About Arc SDE and Application Server

ArcSDE acts as the gateway between ArcGIS and your relational database.
ArcSDE is the software that allows you to use the ESRI products like ArcGIS suite (Desktop, Server, and Engine), ArcIMS etc. to store, use, and manage all your GIS data (including feature geometry) in one of the commercial DBMSs like IBM DB2, IBM Informix, Microsoft SQL Server and Oracle.

ArcSDE is a key component in a multiuser GIS because it allows you to “marry” world-class GIS technology with world-class relational database management system technology.

The combination provides you with:
  • • Support for concurrent multiuser editing with long transactions, allowing support for many editing andcritical GIS data management work flows.
  • • No limits on the size of your spatial database.
  • • The ability to serve many concurrent users anywhere on the network or the Internet.
  • • The ability to build custom applications from the ArcSDE C and Java application programming interfaces (APIs) as well as ArcGIS, ArcObjects, and ArcIMS.
  • • A number of configuration choices.

Why use a DBMS?
Multiuser GIS requires DBMS and comprehensive GIS tools that work with the geographic data.
Using a DBMS is a practical means for sharing and protecting our data investments.
As DBMS capability has evolved into more powerful technology that could support complex data objects, larger queries, and stronger transactional support, the use of DBMS for geographic data management has become much more practical.

ArcSDE provides the flexibility to leverage the capabilities that each DBMS vendor offers so client applications will work the same regardless of what spatial storage method is used.

ArcSDE ensures that full spatial functionality is available regardless of the capabilities in the underlying DBMS. For example, if we build an ArcGIS application using ArcSDE for Oracle, that same application will work if used with ArcSDE for IBM DB2, Informix, or Micosoft SQL Server.

One of the roles of ArcSDE is to deal with the diversity and complexity in the underlying DBMS. ArcSDE is like an “adapter” for client applications to use when they want to store and manage their spatial data in a commercial DBMS.


The geodatabase is a data model for representing geographic information using standard relational database
technology. The geodatabase—- short for geographic database -—supports the storage and management of
geographic information in standard relational database management system tables via ArcSDE.

Geodatabases can scale from smaller, single-user databases built on the Microsoft Jet Engine database up to larger work group, department, and enterprise databases accessed by many users. Two types of geodatabase architectures are available: personal geodatabases and multiuser geodatabases.

Personal geodatabases, which are freely available to all  ArcGIS users, use the Microsoft Jet Engine database file structure to persist GIS data in smaller databases. Personal geodatabases are much like file-based workspaces and hold databases up to 2 GB in size. Microsoft Access is used to work with attribute tables in personal geodatabases.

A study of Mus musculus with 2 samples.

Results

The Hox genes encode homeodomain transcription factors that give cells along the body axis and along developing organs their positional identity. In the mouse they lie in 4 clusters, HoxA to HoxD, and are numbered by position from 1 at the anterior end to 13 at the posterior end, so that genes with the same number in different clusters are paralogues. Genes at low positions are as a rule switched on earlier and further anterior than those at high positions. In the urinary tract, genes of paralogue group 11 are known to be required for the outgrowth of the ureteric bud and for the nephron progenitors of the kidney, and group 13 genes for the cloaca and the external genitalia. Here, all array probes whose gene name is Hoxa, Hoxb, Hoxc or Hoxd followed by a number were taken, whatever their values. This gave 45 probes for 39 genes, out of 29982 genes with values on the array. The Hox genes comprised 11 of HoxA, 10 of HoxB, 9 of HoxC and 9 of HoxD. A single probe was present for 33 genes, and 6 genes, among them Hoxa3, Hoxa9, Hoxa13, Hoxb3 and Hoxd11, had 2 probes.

Personal geodatabases are ideal for working with smaller datasets for GIS projects and in small work groups or projects of short duration. Typically, users will employ multiple personal geodatabases for their data collections and access these simultaneously for their GIS work. Personal geodatabases support single-user editing. No concurrent multiuser editing support is provided.  

Multiuser geodatabases are primarily used in a wide range of work groups, departments, and enterprise settings. They take full advantage of their underlying DBMS architectures to support:

  • • Extremely large, continuous GIS databases
  • • Many simultaneous users
  • • Long transactions and versioned work flows that are critical in GIS.


ArcSDE is built with client/server architecture—- a client application sends requests to the server. In turn, the server receives the request, generates results, and delivers them to the client.

The ArcSDE server accesses spatial data based on highly efficient spatial search functions, provides geometric data validation, and works within heterogeneous hardware and network environments. Data can be delivered to any client from any server anywhere on a network.

In a typical configuration, an ArcSDE application server resides with your relational database on a server platform. The ArcSDE application server performs spatial searches and sends data that meets the search criteria to the client. For example, a common query handled by the ArcSDE application server is to retrieve all the features in a particular map extent to be drawn in the display window.

ArcSDE sends data to the client using “data buffering”. Buffering is the process of collecting large chunks of data and sending them all to the client application, rather than sending one record at a time. Processing and buffering data on the server is much more efficient than sending all the data across the network and having the client determine which data to send to the end user application. This becomes critical when applications are simultaneously using thousands of records in the database.

ArcSDE uses cooperative processing, which means that data processing occurs on both the client application machine and the server, depending on which is faster. Some functions require no communication with the server. CPU-intensive tasks, such as polygon overlay and clipping, are best performed by the client application to avoid excessive demands on both the server and the available bandwidth.


  1. Next we Publish Topic: How the GIS server works......

  2. plz tell what is microstation and GEO ERP?